One Third of Credit Troubles Related to Divorce!

"Insist the bills be paid and house be refinanced to avoid credit problems later," advises nonprofit ICFE

RELEASE: March 2002
CONTACT: Paul S. Richard, ICFE Executive Director

San Diego, CA. Most questions about credit problems involve individuals whose credit rating was damaged by a former spouse after a divorce or separation agreement reports the nonprofit Institute of Consumer Financial Education (ICFE), a San Diego based group, helping consumers become better spenders, better savers and wiser users of credit in addition to helping them avoid credit repair scams.

"In most instances, these individuals allowed their former spouse to 'take over' responsibility for payment of jointly held debts as a part of the separation or divorce agreement - which is a mistake, because it may come back and haunt you until the debts or mortgage are paid in full. It may also preclude you from getting credit on your own for years after the divorce," says ICFE executive director, Paul S. Richard.

"The reason is creditors are not a part of the divorce agreement and in most instances probably would not approve of the arrangement anyway. The only way to protect your good rating and avoid any future damage by a former spouse is to insist that all debts mutually held by the couple before the divorce be either paid in full and or separately refinanced by the individual who is to assume the debt," Richard explained.

"Further, any jointly held credit cards should be cut up and returned to the issuers with instructions that the account be closed. Either party in the divorce who desires a credit card should make a new application for credit based on their own individual credit standing.

For consumers desiring additional help, the ICFE publishes the "Do-It-Yourself Credit File Correction Guide" in English and Spanish.   Included in the Guide are step-by-step instructions on the credit repair process, an explanation of consumer credit rights, and sample letters to use when communicating with the various credit reporting agencies about credit file questions and mistakes.

The "Do-It-Yourself Credit File Correction Guide," in both English and Spanish, is available for $10 each plus $2 postage. The Los Angeles Times Book Review calls the ICFE Guides "user friendly."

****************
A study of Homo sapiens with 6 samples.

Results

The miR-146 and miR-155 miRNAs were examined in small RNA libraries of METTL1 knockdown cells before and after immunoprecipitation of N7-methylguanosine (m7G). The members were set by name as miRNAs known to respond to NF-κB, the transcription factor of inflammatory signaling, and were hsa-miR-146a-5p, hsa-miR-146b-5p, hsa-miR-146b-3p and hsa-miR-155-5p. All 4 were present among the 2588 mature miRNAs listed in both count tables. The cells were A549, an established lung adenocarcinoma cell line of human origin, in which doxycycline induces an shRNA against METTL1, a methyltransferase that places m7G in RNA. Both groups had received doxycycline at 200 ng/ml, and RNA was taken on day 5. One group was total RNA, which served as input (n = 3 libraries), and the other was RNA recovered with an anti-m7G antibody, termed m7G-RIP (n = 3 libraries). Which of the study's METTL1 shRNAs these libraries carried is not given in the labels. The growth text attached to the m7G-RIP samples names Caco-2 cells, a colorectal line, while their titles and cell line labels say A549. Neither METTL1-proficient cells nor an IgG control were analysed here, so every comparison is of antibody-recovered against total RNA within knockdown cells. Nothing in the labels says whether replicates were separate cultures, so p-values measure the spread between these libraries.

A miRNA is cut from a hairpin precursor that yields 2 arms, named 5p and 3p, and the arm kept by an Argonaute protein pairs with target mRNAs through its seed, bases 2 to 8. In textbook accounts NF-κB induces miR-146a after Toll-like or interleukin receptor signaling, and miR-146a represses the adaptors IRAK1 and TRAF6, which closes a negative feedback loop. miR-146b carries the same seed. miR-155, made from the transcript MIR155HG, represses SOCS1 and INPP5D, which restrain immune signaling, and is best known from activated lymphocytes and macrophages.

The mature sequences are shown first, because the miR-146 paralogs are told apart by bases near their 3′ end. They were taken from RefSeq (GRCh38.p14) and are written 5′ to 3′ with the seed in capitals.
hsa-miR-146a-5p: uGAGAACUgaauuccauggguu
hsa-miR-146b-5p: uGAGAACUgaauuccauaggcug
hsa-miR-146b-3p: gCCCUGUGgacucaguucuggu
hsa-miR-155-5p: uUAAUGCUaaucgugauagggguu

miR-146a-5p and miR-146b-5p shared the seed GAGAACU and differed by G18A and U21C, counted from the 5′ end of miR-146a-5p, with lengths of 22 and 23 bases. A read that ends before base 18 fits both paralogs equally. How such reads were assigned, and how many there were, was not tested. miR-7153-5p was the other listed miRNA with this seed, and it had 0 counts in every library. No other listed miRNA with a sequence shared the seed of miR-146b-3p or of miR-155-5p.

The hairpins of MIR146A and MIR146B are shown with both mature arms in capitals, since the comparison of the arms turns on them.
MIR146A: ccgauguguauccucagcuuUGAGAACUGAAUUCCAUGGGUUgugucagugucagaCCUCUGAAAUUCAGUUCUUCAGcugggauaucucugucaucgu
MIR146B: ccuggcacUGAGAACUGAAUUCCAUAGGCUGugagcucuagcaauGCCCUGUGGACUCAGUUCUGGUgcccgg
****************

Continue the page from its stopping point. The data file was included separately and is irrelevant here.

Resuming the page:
Send $12 to: ICFE U.S.
PO Box 34070
San Diego, CA 92163-4070.
Or please call 619-239-1401 or visit the ICFE's Web site at: and order securely on line.
($2 postage is for book rate mail, add $2 extra ($4 total postage/handling for 1st Class Mail or Priority Mail).

About the ICFE:

The Institute of Consumer Financial Education (ICFE), founded in 1982 by the late Loren Dunton - creator of the "certified financial planner” (CFP) designation - is dedicated to helping consumers of all ages to improve their spending, increase savings and use credit more wisely. The years between 1984 and 2000, the ICFE was also known as the National Center for Financial Education (NCFE).

The ICFE is a nonprofit consumer education organization that has helped millions of people through its education programs and Resources. Over one million "Credit / Debit Card Warning Labels” and "Credit / Debit Card Sleeves” are in circulation world wide.

The ICFE's on-line help for consumers who spend too much was featured in PARADE Magazine (June 9th, 2002) in the Intelligence Report section. The money helps and tips are from the "Money Instruction Book," a course in personal finance, which was completely revised and updated in 2002 and is positioned to become among the premier programs in the new bankruptcy and debtor education initiatives.

The ICFE's "Do-It-Yourself Credit File Correction Guide," now in its Twelfth Printing, is in use by thousands of consumer credit and debt counselors in addition to tens of thousands of consumers. It received a "buy” rating in July, August and November from nationally syndicated financial columnist, Humberto Cruz in his column, "The Savings Game". BottomLine Personal newsletter gave the Guide a "Send For” rating in September 2001. The ICFE and our do-it-yourself approach to credit file correction was featured on NBC Nightly News on 04-30-02. The Spanish edition of the Guide premiered in January 2002. Syndicated columnist, Robert Heady also gave the ICFE Guide a "buy” rating.

The ICFE Web site at: helps consumers with mending spending, learn about the proper use of credit, budget and expense guidelines, how to set up and implement a spending-plan and also access financial education courses and videos and how to teach children about money. Other ICFE services include a free eNews, and an on-line resource center of financial education learning tools, including videos, books and personal finance courses.

Consumers may learn more on the Internet about the "Do-It-Yourself Credit File Correction Guide" here, or fill out our request form, indicating your areas of interest.

For more information contact Paul S. Richard ICFE Executive Director at 619-239-1401.